Doctoral research student Heiko Scholz, M.A.

Doctoral research student

Heiko Scholz (Germany)

M.A. in Archaeology

PhD project
The Location of the Hoard: Study on the Relative Positions of Bronze Age Metal Depositions in the Southern and Western Baltic Sea Region (working title).
The initial hypothesis of this PhD project postulates that the bulk of Bronze Age metal depositions can be considered a culturally motivated phenomenon. As parts of rituals they are embedded in social practices, maybe in religious contexts as votive offerings. In this connection a hoard is more than just an assemblage of objects. The deposition act and its circumstances, including the deposition sites, are also part of the hoard. If the hoards are results or aspects of important social rituals, we can suppose that the locations where these rituals took place were also significant. These places and the respective depositions were normally the only visible remains of the ritual and therefore possibly an anchor for their memory. The connection between the memory of actions and space provided Bronze Age communities with the opportunity and the setting to store memory and facilitated the act of remembering, even after a long period of time. Space is an important medium of the collective memory, not only in communities without a written culture. Knowledge of the hoard find places gives us the extraordinary chance to make invisible parts of Bronze Age landscape layout and cultural memory visible.

This study includes the ca. 800 hoard finds from Period I to VI of the whole Bronze Age and the earliest Iron Age in Northern Germany and Northwest Poland. The aim of the research project is to make out, map, describe, and interpret the Bronze Age hoard landscape. Two main issues are in focus: Where exactly were the hoards deposited, and were certain natural conditions preferred? What is the relationship between hoard find places and other find groups? Is it possible to identify a structured Bronze Age landscape divided by function or by meaning? A central goal is to identify culturally determined patterns in the choice of the deposition places in order to investigate the assumption on the possible intentional background of the hoards.

The basis of all spatial analyses here is the (re) localisation of the find places of these depositions by using results from research at museums and heritage service archives, historical and geological maps, aerial photos as well as from other written research. To systematize the relocated places a location type model will be established. With the help of these types it will be possible to search for temporal and spatial patterns between the places, the inventories, and the deposition circumstances. For this reason statistical methods and spatial analyses will be used. The hoards do not stand alone, but are rather part of a structured Bronze Age landscape.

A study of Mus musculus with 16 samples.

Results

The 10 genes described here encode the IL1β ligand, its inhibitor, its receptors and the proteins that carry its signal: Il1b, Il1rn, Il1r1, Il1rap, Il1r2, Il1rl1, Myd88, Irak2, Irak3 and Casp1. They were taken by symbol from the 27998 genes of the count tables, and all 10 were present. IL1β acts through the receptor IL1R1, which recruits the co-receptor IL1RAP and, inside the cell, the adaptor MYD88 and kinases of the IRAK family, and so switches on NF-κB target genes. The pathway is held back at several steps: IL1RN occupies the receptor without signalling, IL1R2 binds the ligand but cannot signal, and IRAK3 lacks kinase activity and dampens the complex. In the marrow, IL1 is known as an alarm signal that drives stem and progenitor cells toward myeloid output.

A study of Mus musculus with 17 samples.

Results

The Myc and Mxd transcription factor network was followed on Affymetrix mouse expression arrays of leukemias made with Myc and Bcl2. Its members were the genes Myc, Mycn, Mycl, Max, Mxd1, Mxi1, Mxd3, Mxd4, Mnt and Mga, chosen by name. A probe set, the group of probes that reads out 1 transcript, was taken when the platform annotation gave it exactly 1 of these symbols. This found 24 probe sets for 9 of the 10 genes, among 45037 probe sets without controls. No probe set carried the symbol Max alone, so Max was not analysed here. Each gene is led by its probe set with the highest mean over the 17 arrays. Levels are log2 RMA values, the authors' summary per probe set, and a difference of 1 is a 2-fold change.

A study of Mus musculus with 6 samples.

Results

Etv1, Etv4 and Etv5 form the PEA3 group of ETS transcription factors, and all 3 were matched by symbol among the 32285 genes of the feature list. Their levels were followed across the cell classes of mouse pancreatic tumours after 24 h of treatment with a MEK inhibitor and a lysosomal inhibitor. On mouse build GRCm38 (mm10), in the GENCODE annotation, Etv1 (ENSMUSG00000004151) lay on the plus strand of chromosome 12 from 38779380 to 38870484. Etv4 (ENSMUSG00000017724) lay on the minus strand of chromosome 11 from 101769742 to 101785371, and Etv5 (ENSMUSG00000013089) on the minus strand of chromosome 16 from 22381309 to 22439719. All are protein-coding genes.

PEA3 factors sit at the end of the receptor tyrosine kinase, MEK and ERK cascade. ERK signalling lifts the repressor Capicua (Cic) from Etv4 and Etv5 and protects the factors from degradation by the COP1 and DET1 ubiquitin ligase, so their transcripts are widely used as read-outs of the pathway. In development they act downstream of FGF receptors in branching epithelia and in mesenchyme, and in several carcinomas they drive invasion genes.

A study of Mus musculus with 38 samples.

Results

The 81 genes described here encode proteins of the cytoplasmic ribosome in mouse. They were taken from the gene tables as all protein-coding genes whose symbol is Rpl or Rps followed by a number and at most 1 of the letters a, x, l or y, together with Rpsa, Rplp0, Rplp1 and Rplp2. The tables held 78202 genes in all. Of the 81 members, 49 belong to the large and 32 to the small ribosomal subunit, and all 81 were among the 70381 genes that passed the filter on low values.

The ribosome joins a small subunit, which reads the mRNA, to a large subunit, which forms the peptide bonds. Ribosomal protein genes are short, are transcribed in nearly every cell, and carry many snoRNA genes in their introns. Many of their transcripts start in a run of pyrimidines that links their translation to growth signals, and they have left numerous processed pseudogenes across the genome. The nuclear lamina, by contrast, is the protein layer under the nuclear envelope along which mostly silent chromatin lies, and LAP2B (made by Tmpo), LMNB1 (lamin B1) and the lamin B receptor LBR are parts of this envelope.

Another part of the project is a further description of the hoards taking an analysis of the relationships between the deposition places and the other find-groups in several regional investigations into account. To make the structures of the divided Bronze Age landscape visible, a mapping in a 3D digital terrain model is planned.
Research interests Central North European Bronze Age. The formation of early Bronze Age societies. Theories of social structures and their plausibility in the archaeological record. Theories of social landscapes and processes of their structuring. Rituals, ritual landscapes and memory processes.

Since April 2010
Member of the Graduate School “Human Development in Landscapes” at the Christian-Albrechts-University Kiel.

Associated member of the Research Group C-III (Acts) at the Excellence Cluster Topoi, Berlin.

Graduation (Magister Artium) at the Free University of Berlin with a thesis about Bronze Age metal depositions in Mecklenburg-Western Pomerania, supervised by Prof. S. Hansen.

Studies on pre-and protohistory, political sciences, history and sociology at the Free University of Berlin.

Work experience

Student research assistant at the editorial office of the DAI Eurasian Department, Berlin.

Participation as student assistant in the archaeological excavations at the fortified settlement Monkodonja and the grave mounds on Mušego, carried out by the Institute of Pre- and Protohistory Berlin and the Istrian Archaeological Museum Pula.

Participation in diverse archaeological excavations carried out by excavation companies in Brandenburg.

Selected publications

Scholz 2012: Hoard find places in the context of environmental changes. In: J. Kneisel / W. Kirleis / M. Dal Corso / N. Taylor / V. Tiedtke, Collapse or Continuity? Environment and Development of Bronze Age Human Landscapes. Proceedings of the International Workshop “Socio?Environmental Dynamics over the Last 12,000 Years: The Creation of Landscapes II (14th – 18th March 2011)” in Kiel (Bonn 2012) 153 – 168.

Scholz, H: Lageuntersuchungen als Mittel zur Hortbeschreibung und Interpretation. Beispiele anhand der Lageverhältnisse bronzezeitlicher Horte in Mecklenburg-Vorpommern. In: S. Hansen, D. Neumann, T. Vachta (Hrsg.), Hort und Raum. Aktuelle Forschungen zu bronzezeitlichen Deponierungen in Miteleuropa. Tagung Berlin 2010. Topoi. Berlin Studies of the Ancient World (accepted).